As Easter approaches and the world turns its attention to mythical bunnies, I’ve been thinking about the origin of the Easter bunny.

Leverets at Givendale, Art Print by Robert E Fuller
Leverets at Givendale, Art Print by Robert E Fuller.

Hares only visit their young for a few brief moments a day and it is said that in medieval times people were so unaccustomed to seeing a hare with its young they thought the lone leverets that they found out in the fields had appeared there by magic. It certainly must have seemed odd to come across these vulnerable creatures hiding in the undergrowth. A female hare visits her young so briefly and so secretively that it is very rare to see them together. Only once have I been privileged to see this encounter up close and the experience did feel quite special.

I spotted this particular adult female hare late one evening after she triggered the security lights in the car park at my gallery. I could tell by her posture that she was feeding a leveret and sure enough as she moved away a leveret came in to view. Two nights later it was Easter Sunday and it felt quite incredible to know that I actually had at least one ‘Easter Bunny’ in the garden. I decided to see if I could watch the leveret up close and, hopefully, photograph the moment the adult female visited it. I set up lights and cameras in a store-room doorway that looks out onto my car park. I also redirected some security cameras so that they monitored the area where I had seen the hare feeding her leveret.

I sat in the kitchen watching the TV monitor that linked to the security cameras. I could see bats hunting moths on the screen and then a car drove down into the valley. Just as it passed its headlights lit up a hare in the road and the hare sprang up onto the verge. I was sure this was the adult female I had seen before and sure enough a few minutes later the camera picked up an eye shine on the other side of the car park. I set off to the store, which is about as far away as you can get from the kitchen, ran through the utility room, kicking off my shoes as I went so the hare, which would be on high alert, wouldn’t hear my footsteps. I sped on through the gallery stockroom, the gallery itself, my print room, and on to a second stock room where I eventually sat down and slowly turned on a dimmer switch.

The hare was still there, now less than 10 metres in front of me. And she was suckling her leveret. The air was so still, there wasn’t a breath of wind. I swung my camera around and tried to focus in on the hare but my light wasn’t bright enough and the camera wouldn’t focus. As I turned on another torch the click of the switch alerted her. She walked off, but her leveret pestered her, scampering alongside her long legs. She must have decided it all was OK because she then settled down again to suckle her leveret on the other side of the car park. They were too far off to photograph so I decided to give up and try again another night.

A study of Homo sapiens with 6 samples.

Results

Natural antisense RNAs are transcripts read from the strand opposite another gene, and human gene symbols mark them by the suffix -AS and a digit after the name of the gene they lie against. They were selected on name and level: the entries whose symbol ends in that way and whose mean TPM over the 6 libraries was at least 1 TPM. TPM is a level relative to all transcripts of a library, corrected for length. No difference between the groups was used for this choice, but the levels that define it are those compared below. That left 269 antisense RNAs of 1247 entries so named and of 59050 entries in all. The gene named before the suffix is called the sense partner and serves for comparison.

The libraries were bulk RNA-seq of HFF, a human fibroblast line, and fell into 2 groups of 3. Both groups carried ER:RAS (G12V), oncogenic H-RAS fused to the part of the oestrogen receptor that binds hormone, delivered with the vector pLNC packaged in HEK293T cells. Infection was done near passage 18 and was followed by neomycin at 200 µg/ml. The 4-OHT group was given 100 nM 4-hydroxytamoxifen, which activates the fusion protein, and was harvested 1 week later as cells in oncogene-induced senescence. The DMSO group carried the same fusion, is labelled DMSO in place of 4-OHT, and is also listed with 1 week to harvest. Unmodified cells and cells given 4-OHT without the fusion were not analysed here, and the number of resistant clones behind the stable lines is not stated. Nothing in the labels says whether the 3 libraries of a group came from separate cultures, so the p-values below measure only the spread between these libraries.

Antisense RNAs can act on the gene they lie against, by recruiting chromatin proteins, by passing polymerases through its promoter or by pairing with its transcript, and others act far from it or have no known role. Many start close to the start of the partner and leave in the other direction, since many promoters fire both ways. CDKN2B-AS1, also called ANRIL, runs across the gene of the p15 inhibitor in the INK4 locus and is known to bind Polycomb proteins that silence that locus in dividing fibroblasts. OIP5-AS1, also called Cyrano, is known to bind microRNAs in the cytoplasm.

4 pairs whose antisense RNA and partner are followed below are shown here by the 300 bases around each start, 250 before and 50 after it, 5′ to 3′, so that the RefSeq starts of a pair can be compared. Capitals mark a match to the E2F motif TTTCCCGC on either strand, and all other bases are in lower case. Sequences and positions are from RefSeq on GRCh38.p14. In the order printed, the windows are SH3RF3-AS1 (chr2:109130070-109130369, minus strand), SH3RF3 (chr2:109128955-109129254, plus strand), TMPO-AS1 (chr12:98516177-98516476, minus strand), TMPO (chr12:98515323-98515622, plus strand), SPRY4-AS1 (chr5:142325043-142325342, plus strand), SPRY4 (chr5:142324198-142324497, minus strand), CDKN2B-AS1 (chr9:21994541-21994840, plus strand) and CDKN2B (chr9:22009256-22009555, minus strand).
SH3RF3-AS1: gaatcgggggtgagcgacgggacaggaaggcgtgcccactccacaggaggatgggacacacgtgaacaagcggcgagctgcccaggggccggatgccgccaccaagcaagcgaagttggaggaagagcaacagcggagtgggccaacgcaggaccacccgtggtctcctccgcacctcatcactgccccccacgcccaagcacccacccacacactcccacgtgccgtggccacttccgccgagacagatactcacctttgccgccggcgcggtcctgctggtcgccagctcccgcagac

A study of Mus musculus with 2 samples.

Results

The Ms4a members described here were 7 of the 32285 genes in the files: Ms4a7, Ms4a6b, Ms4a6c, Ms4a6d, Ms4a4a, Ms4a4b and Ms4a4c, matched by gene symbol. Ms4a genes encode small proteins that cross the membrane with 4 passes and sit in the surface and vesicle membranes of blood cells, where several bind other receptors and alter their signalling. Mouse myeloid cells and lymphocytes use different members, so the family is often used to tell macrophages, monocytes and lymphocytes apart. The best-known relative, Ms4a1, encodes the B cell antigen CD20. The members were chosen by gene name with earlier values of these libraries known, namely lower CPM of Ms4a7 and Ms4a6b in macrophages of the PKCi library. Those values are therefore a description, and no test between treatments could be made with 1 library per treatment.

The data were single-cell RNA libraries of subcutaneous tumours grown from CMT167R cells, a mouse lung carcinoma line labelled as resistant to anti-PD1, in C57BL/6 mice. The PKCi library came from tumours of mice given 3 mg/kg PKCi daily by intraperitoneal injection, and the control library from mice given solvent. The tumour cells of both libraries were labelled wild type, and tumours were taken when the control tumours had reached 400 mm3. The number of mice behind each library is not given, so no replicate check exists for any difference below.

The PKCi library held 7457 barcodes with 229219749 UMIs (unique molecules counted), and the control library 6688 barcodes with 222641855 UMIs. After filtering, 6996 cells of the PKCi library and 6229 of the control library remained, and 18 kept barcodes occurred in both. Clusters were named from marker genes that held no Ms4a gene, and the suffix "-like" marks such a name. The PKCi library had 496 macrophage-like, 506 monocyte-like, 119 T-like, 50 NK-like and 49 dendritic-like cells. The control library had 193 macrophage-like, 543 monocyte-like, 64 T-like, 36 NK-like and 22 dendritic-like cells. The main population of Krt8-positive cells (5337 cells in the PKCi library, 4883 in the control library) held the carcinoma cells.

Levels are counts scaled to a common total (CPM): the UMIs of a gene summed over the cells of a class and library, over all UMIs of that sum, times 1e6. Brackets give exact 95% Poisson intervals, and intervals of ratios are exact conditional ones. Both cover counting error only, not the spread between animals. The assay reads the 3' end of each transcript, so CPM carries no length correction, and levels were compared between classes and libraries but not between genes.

Leverets are born in a ‘forme’ or scrape dug into long grass by the adult female. They are just eight centimetres long at birth. Their eyes are open and they already have a coat of long, silky fur. They can walk as soon as they are born but they stay in the forme until they are three days old and then, if there is more than one in the litter, they tend to disperse into separate hiding places nearby because it is harder for predators to spot individuals than a group. As the leverets grow they will chase one another around after the female has gone. This play lasts for a few minutes and is important for their muscle development since they are to become fast runners.

Hare and Leverets, art print by Robert E Fuller
Hare and Leverets, art print by Robert E Fuller.
leveret painting by Robert E Fuller
Leveret, painted by Robert E Fuller

Each day after sunset the leverets return either to their ‘form’ or very close to it to suckle from their mother. Her visits only last for a few minutes so that she doesn’t attract unwanted predators. She usually has three litters in a year and will stop feeding her young when they are about six weeks old. This hare only had one leveret, which is common for early in the year. As I watched she finished feeding her leveret and climbed back on to the bank. Then the leveret had a mad five minutes running round the car park at top speed. I could hear its paws clawing at the gravel. It didn’t seem to matter that it had no siblings to chase after. The adult hare then disappeared out of sight and the leveret went for cover once again. It was a brief visit but truly fascinating one to have witnessed.

Sadly I missed this hare’s subsequent visits, but the experience of watching this one was so magical it did inspire the painting above, which is what my wildlife watching is all about.

  • My gallery in Thixendale is open to visitors from 10.30am to 4.00pm Good Friday, March 30th, Saturday March 31st, Easter Sunday, April 1st, and Easter Monday, April 2nd. Screens showing live video from nest cameras hidden in my garden will be available to view.

If you enjoyed reading this follow this link to read about how I painted a group of hares in snow.

How watching a group of hares in snow led to a new collection of winter hare paintings.